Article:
Young Conservatives of Texas demonstration changes campus conversation on sexual assault

Libby Cohen

The Young Conservatives of Texas (YCT) pro-Kavanaugh demonstration on Tuesday, Oct. 2 gave victims of sexual assault, such as journalism senior Sarah Remelius, motivation to voice their own experiences.

“I wanted to let them know that what they were doing was causing people like myself, who have been sexually assaulted, to relive,” Remelius said.

Remelius was sexually assaulted in spring 2018, and did not consider herself an advocate for survivors before the protest. A table with five students holding signs encouraging students to “change (their) mind” created an emotional environment which motivated a change in conversation from the justice appointment to the rhetoric of sexual assault on campus.

“It was never something that I had said out loud, that I had been sexually assaulted,” Remelius said.

She compared her sexual assault to that of Dr. Christine Blasey Ford, Justice Brett Kavanaugh’s accuser, because of limited witnesses and evidence. After opening up in the middle of the crowd, Remelius’s remarks were lost in the chaotic banter from both sides.

“There were so many women and men that walked away crying, and (UT) didn’t do anything for them,” Remelius said.

The email following the demonstration, Remelius said, felt like rhetoric with no action. Dr. Leonard N. Moore, Vice President for Diversity and Community Engagement, addressed the day’s events in regard to sexual assault victims on campus in the email.

“As a university that has taken great strides to address issues of sexual assault, we realize that more work needs to be done and we want all students to be supported regardless of background or experience,” Moore wrote.

Other students, such as chemical engineering senior Hassan Ahmad thought the University’s statement sounded diplomatic.

“We will do something on our own to make sure survivors feel safe and feel validated,” Ahmad said.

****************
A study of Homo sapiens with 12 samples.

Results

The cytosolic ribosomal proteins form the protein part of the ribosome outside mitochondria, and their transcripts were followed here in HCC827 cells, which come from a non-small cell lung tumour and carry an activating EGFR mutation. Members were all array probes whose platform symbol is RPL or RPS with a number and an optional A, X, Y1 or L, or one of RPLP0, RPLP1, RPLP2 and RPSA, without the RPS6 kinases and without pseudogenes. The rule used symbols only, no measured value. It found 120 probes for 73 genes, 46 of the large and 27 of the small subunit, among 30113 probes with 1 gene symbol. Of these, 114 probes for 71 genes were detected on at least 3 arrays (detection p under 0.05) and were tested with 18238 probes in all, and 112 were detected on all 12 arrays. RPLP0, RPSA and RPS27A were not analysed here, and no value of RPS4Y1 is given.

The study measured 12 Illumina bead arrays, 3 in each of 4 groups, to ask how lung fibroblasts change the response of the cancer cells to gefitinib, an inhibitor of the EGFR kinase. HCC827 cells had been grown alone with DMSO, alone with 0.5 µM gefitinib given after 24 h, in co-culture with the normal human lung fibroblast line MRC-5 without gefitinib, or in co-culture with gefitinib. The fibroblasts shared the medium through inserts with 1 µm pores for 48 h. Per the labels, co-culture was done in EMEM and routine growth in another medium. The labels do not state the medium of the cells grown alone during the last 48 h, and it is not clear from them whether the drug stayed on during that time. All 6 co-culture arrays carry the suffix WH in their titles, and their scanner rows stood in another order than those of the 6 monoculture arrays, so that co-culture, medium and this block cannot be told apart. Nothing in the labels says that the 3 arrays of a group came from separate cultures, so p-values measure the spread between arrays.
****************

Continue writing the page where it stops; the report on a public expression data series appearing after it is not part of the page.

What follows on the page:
Ahmad stood on the opposite side of the YCT protest and thought about his ex-girlfriend, friends, and peers who were also sexual assault victims.

“I want to make sure these survivors feel like there is a community here on campus who are standing here hand-in-hand,” Ahmad said.

With little support from UT and Student Government, Ahmad said he wants to create a support group to remind them there is a community supporting survivors like Remelius. Ahmad posted a photo of the protest on Facebook.

“To the survivors who saw this today, to the survivors who felt vulnerable, to the survivors who choose to stay silent because of events like these, to you, #Ibelieveyou,” Ahmad wrote.

The post received 923 likes and 202 shares.

While YCT chairman Saurabh Sharma said, “The vast majority of YCT believes sexual assault is a heinous crime,” this should not limit conversation from continuing on campus.

“It is a part of our public discourse and as this is a public university,” Sharma said. “Protests happen here.”

Although Remelius agrees UT should address the issue of high sexual assault rates, she insists the University should take measures to provide a safe space for survivors.

“It’s important for people to share their stories especially because I know there are so many people who wouldn’t feel comfortable doing that, since there is such a large population of students on campus who have been sexually assaulted,” Remelius said.